Journalism: Advertisement effects

My Journalism course instructed me (Joseph) to observe ways in which I was influenced through media messages. As is their nature, advertisements tend to appeal to the feelings of prospective customers. Although I rarely buy things which I had not previously (and meticulously) considered purchasing, I noticed there is one way in which I am severely affected by advertisements.

While at Texas Roadhouse, I was looking over the menu, and I noticed some scrawled wording under the beverage section which read “Slow brewed Sweet Tea”. On the end of the word “Slow”, a cowboy hat was perched. I was leaning towards purchasing sweet tea instead of the considerably less-pricey glass of water.

I naturally like sweet tea and the words “Slow-Brewed” implied that extreme care and effort were put into the creating of the said sweet tea. “Slow-brewed” is much more appealing to me than “Instant”. “Slow-brewed” implies discretion and timing were considered important while this tea was created. The second thing which appealed to me, was the Cowboy hat, located on the scrawled wording. It (along with the theme of Texas Roadhouse) appealed to the inner “southerner” which is engrained in me. Believe me—if that hat had been a flat-brimmed skateboarder’s hat with a NY Yankees logo on it, I would not have bought that sweet tea.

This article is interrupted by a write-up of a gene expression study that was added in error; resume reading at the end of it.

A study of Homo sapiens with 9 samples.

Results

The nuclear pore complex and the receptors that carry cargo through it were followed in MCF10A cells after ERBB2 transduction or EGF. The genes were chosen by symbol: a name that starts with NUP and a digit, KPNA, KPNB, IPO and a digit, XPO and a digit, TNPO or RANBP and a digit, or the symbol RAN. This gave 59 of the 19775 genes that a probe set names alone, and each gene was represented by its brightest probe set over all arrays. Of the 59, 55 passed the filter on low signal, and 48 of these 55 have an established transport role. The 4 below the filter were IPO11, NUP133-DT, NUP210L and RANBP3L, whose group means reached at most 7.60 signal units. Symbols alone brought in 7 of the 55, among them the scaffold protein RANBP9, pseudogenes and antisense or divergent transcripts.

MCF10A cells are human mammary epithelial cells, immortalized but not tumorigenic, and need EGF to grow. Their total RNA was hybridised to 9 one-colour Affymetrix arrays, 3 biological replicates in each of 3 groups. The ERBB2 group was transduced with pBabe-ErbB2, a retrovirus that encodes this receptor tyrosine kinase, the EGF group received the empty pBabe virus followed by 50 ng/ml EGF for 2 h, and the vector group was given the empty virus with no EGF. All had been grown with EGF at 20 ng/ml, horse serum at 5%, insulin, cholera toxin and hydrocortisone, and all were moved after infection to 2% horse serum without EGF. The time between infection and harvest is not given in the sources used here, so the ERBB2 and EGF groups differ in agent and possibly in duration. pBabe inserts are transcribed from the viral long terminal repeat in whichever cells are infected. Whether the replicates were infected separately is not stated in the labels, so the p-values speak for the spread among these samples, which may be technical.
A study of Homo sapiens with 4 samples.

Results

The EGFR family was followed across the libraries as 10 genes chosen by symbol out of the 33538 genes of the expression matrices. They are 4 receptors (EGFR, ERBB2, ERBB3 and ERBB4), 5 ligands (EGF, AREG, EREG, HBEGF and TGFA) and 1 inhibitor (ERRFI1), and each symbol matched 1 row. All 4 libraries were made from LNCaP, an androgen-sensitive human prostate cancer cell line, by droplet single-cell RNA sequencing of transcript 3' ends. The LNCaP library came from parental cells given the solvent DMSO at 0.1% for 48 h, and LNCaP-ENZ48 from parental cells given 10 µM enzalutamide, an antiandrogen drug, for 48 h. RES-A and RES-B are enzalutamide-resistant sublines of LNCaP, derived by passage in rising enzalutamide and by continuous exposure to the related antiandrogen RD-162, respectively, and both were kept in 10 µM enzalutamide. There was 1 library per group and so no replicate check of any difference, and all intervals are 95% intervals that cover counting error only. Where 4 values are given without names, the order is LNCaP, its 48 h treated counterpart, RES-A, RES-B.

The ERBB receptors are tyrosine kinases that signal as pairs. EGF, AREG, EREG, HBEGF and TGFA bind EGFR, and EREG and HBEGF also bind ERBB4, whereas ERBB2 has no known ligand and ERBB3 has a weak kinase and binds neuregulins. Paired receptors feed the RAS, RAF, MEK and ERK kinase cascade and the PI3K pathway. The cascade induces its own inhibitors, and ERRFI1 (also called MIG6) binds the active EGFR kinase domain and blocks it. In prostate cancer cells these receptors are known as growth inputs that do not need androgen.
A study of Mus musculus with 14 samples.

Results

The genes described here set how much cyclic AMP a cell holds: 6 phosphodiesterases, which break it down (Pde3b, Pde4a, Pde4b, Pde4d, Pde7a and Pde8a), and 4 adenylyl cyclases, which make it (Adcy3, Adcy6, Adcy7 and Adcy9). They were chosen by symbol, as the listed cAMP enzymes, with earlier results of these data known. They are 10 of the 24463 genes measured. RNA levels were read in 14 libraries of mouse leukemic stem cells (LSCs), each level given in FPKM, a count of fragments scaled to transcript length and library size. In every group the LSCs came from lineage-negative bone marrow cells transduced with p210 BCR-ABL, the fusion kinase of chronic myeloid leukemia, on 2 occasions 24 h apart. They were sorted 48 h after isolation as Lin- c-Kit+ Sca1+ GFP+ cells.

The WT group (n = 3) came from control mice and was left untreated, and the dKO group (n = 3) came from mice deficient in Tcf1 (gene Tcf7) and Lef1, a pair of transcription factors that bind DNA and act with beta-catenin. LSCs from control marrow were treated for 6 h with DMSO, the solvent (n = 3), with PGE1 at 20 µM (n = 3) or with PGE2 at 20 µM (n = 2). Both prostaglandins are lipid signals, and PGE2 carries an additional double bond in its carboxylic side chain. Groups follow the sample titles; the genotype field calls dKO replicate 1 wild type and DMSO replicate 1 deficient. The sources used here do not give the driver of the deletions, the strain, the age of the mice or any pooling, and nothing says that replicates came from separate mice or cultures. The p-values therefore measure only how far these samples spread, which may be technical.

The sweet tea advertisement, though it contained no catchphrases, effectively persuaded me to nearly purchase their product. It did so because it caught my attention through its marketing of sweet tea is distinctly southern, and through creating the impression that time and care were invested in its creation.

Through the observation of this fact, I now know that I am susceptible to advertising which markets itself as something which is “southern”. From now on, I will definitely use discretion when buying things marketed as such.

By the way, the Slow Brewed Sweet Tea tasted great!